Verdict: Haiti's Cholera Outbreak Originated In U.N. Camp
Suspicions that U.N. peacekeepers brought cholera to Haiti last fall are so incendiary in that beleagured nation that most health experts fighting the outbreak have refused to discuss it.
But an expert panel appointed by U.N. Secretary-General Ban Ki-Moon has concluded those suspicions are correct.
In a 32-page report released quietly on Wednesday, the four-person panel leaves no doubt that cholera spread quickly from a U.N. camp in the upper Artibonite River valley to waters used by tens of thousands of Haitians for bathing, washing and drinking.
So far, Haiti's cholera epidemic has sickened nearly 300,000 people and killed 4,500 of them.
While the U.N. panel stops short of saying Nepalese peacekeepers carried cholera to Haiti, their report says preliminary genetic tests indicate "the strains isolated in Haiti and Nepal ... were a perfect match."
Reflecting the sensitive nature of their findings, the panel takes pains to say the explosive outbreak was due to a "confluence" of factors "and was not the fault of, or deliberate action of, a group or individual."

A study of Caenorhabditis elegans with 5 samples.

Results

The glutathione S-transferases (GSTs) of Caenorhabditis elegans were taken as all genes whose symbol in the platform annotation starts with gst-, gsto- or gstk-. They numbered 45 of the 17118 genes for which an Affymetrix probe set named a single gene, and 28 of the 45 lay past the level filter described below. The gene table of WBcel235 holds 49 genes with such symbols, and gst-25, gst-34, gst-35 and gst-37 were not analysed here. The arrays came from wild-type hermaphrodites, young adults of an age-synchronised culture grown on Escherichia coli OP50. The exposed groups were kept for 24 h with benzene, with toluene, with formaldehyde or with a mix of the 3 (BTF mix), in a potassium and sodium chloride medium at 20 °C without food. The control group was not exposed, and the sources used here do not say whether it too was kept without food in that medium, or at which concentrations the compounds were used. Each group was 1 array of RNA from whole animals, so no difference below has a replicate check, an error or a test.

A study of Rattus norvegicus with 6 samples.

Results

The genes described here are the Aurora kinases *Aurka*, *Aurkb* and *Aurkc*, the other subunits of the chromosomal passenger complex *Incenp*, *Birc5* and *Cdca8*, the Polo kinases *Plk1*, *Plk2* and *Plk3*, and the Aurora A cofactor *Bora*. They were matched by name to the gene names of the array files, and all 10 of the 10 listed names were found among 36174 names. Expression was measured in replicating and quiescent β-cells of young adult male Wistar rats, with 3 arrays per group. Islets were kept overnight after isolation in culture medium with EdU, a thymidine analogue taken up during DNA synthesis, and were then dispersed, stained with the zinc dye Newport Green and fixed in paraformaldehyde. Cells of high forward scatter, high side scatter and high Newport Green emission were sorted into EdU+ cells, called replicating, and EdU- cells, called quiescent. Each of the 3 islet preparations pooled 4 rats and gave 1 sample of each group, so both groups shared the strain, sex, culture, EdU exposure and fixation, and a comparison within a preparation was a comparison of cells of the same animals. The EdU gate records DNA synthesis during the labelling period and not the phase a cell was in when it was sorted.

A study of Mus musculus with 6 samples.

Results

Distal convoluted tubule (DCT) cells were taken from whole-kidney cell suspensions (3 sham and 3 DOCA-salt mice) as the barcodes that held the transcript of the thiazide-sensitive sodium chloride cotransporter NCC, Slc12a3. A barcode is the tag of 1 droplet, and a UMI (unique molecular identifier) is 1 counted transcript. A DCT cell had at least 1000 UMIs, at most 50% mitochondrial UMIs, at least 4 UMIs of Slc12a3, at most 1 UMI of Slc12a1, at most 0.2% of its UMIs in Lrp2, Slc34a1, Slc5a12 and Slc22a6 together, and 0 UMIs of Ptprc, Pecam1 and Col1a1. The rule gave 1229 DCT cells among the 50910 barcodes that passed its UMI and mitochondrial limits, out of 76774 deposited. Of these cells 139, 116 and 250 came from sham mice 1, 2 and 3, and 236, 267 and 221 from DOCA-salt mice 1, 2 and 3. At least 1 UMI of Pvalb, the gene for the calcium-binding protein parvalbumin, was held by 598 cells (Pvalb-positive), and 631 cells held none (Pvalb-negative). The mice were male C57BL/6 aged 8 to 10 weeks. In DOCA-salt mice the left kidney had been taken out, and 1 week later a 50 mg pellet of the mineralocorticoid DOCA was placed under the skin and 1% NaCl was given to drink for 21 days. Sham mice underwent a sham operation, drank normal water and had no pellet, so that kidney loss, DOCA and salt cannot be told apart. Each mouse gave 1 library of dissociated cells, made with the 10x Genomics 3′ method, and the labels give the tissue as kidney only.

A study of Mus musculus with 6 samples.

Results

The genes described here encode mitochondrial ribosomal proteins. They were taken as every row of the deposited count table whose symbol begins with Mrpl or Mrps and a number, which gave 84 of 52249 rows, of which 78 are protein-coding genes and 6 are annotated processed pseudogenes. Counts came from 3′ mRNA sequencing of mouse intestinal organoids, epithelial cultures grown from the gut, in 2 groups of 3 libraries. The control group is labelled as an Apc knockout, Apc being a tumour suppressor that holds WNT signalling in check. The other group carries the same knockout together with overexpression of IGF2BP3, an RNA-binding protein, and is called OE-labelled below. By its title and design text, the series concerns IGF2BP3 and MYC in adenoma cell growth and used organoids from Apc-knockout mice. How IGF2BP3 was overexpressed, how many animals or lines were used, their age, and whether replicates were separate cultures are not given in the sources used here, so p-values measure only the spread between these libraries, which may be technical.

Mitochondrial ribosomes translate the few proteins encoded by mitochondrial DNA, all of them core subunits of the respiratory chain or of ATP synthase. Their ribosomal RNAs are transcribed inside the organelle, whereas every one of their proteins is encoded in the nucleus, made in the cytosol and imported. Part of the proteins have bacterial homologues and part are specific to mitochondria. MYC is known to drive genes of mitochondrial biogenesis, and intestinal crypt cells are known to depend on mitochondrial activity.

Some of those factors are:
- Widespread use of the Artibonite River and its tributaries for washing, bathing and drinking;
- Lack of immunity to cholera in Haiti, where the disease hasn't been seen for nearly a century;
- Poor water and sanitation conditions in Haiti; and
- An especially virulent type of cholera, with a toxin that causes more severe diarrhea.
While all of those things contributed, the experts don't mince words in saying cholera was introduced into Haiti and spread from the U.N. camp where peacekeepers were quartered.
"The sanitation conditions at the [U.N. camp] were not sufficient to prevent contamination of the Meye Tributary System with human fecal waste," the report says. The Meye River feeds into the Artibonite, Haiti's longest river.
Sewage from the UN camp could have gotten into the river system in two ways — from a drainage canal running through the camp or from an open septic pit near the Meye River where a private contractor dumped sewage from the camp.
The experts say Hurricane Thomas last November and a flood in the region last summer played no role in spreading cholera.
The report says the U.N. should clean up its facilities around the world to make sure fecal wastes don't contaminate the environment.
Beyond that, the group says all U.N. personnel mobilized for emergencies should be vaccinated against cholera, receive prophylactic antibiotics, or both. Personnel from areas where cholera is endemic should be screened for cholera before they go to countries where it isn't a problem.
And the panel says authorities should look into using cholera vaccines to reduce spread of the disease once an outbreak has occurred – an idea that's controversial among health experts.
Secretary-General Ban says he will appoint a task force to study the panel's findings and "ensure prompt and appropriate follow-up."